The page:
Lighting the Flame

By: Meghan Kolcum and Megan Ford

Every student in high school is faced with many challenges, some more than others, but what if you didn’t have to take that journey alone? What if you met someone along the way who changed your life. Would you take that road less travelled by with them? Junior Courtney Walker has been dating senior Dylan Saunders for over a year. “It’s [a] fun-loving [relationship],” she comments. “We joke around a lot, but we love each other and we’re always there [for one another]. We’re best friends so we can talk about anything,” says Walker. As for Saunders, he jokingly says, “A lot of affection going on there. She’s pretty attached, but I try to keep her at bay.”  The two spend their time going to movies or just hanging out like any other teenage couple, but they also go rock climbing or to amusement parks for fun.
The question many high school couples have to ask themselves at some point is “What are we going to do about college?” For Saunders and Walker, this is a non-issue. “We’ve already agreed that we’re going to see how things go. It’s not like I’m going to just break up with her because I’m going to college…so we’ll just play it out,” says Saunders. Other couples have similar, creative ideas about how to stay in touch after high school. Senior Jenny Cartwright has known senior Michael Richardson since the two were on the same swim team at age 5. Dating since 7th grade (5 years this April), the two plan to stay connected by writing letters and sending care packages despite the fact that they will not be attending the same college.
Saunders and Walker aren’t the only couple dating between grade levels. Mariam Kolbai, freshman, is currently dating Nick Giuliano, sophomore. While some inter-grade relationships can be rocky, Kolbai believes that hers is pretty stable. “We can tell each other anything and I’m really comfortable around him, so it’s [a] really healthy [relationship].”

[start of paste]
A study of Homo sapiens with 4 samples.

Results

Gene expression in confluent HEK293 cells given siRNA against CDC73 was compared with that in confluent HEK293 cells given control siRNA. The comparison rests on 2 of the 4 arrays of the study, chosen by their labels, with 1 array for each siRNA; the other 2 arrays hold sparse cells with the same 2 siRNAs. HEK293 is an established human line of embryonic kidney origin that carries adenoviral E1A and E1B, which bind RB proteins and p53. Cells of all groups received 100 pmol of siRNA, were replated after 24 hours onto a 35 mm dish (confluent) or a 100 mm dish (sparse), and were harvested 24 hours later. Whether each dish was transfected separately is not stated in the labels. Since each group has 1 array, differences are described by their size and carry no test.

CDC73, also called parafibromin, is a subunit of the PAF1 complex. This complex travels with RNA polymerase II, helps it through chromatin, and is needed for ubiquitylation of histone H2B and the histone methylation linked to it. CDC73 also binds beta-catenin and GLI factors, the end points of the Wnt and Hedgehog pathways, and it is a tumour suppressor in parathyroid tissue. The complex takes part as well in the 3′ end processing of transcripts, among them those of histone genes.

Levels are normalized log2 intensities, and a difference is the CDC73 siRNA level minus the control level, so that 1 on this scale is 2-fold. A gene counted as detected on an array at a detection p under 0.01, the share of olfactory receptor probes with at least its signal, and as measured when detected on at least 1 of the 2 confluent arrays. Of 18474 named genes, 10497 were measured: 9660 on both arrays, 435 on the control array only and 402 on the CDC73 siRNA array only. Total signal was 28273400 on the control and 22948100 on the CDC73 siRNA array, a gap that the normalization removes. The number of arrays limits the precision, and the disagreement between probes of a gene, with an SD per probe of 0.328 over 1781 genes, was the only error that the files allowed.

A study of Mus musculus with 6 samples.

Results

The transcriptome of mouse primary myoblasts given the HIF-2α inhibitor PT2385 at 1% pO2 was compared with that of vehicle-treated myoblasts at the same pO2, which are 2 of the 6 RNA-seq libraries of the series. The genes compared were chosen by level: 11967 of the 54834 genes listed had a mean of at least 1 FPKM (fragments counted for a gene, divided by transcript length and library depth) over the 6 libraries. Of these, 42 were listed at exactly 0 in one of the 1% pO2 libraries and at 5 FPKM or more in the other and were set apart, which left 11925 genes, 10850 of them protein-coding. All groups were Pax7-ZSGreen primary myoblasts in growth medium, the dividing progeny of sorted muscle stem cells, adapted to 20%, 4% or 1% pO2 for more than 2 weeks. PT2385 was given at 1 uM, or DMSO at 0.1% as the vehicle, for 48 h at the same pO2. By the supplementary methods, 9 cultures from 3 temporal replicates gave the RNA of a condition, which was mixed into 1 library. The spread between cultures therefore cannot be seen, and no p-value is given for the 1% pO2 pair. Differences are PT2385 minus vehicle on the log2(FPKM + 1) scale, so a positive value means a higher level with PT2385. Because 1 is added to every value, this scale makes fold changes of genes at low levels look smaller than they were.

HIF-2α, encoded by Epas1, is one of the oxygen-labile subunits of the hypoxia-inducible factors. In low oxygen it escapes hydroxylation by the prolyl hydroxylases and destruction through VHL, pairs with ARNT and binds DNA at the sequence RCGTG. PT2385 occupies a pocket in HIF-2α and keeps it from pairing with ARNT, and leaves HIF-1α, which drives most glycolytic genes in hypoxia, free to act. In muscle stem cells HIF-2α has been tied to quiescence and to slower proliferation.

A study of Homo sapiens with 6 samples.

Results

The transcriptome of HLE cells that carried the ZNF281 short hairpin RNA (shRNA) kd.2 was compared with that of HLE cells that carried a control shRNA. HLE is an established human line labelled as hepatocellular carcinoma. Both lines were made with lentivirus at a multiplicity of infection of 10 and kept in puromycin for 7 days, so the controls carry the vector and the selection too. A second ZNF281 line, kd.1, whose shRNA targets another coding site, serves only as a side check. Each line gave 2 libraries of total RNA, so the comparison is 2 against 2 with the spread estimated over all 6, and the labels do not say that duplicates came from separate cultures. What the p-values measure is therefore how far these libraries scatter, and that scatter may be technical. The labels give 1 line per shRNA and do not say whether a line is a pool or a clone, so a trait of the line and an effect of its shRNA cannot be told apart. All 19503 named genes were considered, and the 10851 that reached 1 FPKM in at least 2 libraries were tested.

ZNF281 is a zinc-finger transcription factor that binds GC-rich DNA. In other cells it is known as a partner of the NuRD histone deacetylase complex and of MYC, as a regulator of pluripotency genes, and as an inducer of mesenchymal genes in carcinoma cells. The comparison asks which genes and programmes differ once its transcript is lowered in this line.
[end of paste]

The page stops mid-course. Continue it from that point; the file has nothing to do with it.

“It scares a lot of people, but you might be dating your future husband, really,” states newlywed teacher Mrs. Benedum. She and her husband, Mr. Benedum, met in 8th grade English. “We were watching a movie in class and he moved his books so that I could sit by him. We started doing all of our group projects in English class together,” remarks Mrs. Benedum. Mr. Benedum proposed their freshman year of college. “I didn’t know about it at the time, but he said, ‘I’m going to ask this girl to marry me by the end of the year.’ On New Year’s Eve, we made dinner together and sat down to watch the ball drop, and he proposed right as the clock hit zero,” recollects Mrs. Benedum.
Not every couple meets at school; freshman couple Kyle Ebbets and Marie Rubright met at a local youth group. They have been dating for almost 6 months, and Ebbets is planning quite the gift for his valentine.
Seniors Courtney Young and Ian Spence will be celebrating their one year anniversary on Valentine’s Day. They’ve known each other since middle school, but they both believe they truly met working at Chick-fil-A. Although Young’s favorite date was on their four month anniversary, she’s planning a surprise for Spence to celebrate their year together. “We went to the drive-in movie theatre [for our four-month anniversary]…we ate at Sonic and saw all these movies. It was really cool,” Young commented. But for their one year, “I’m going to take her to breakfast before school,” states Spence, while Young mentions that for dinner, “I’m going to put up lights everywhere and just make it really cute.”
First dates can be scary, but some may find that their favorite memories were of their first date. Anna Bredice and Richie Todd, both juniors, remember their first date as if it were yesterday. “We went to the movies and it was actually kind of funny because there was only one seat so I had to sit on the floor, and I gave her the seat,” reminisced Todd.
In order for couples to remain strong and keep the flame of romance burning, each couple will, at some point, have to jump over some hurdles. Each person in the relationship will face their own trials throughout life; the key to a healthy relationship is learning how to face those obstacles together. “Communication is a really big deal. If you stop talking to each other, if you start keeping secrets, it’s not going to work out,” advises Mrs. Benedum.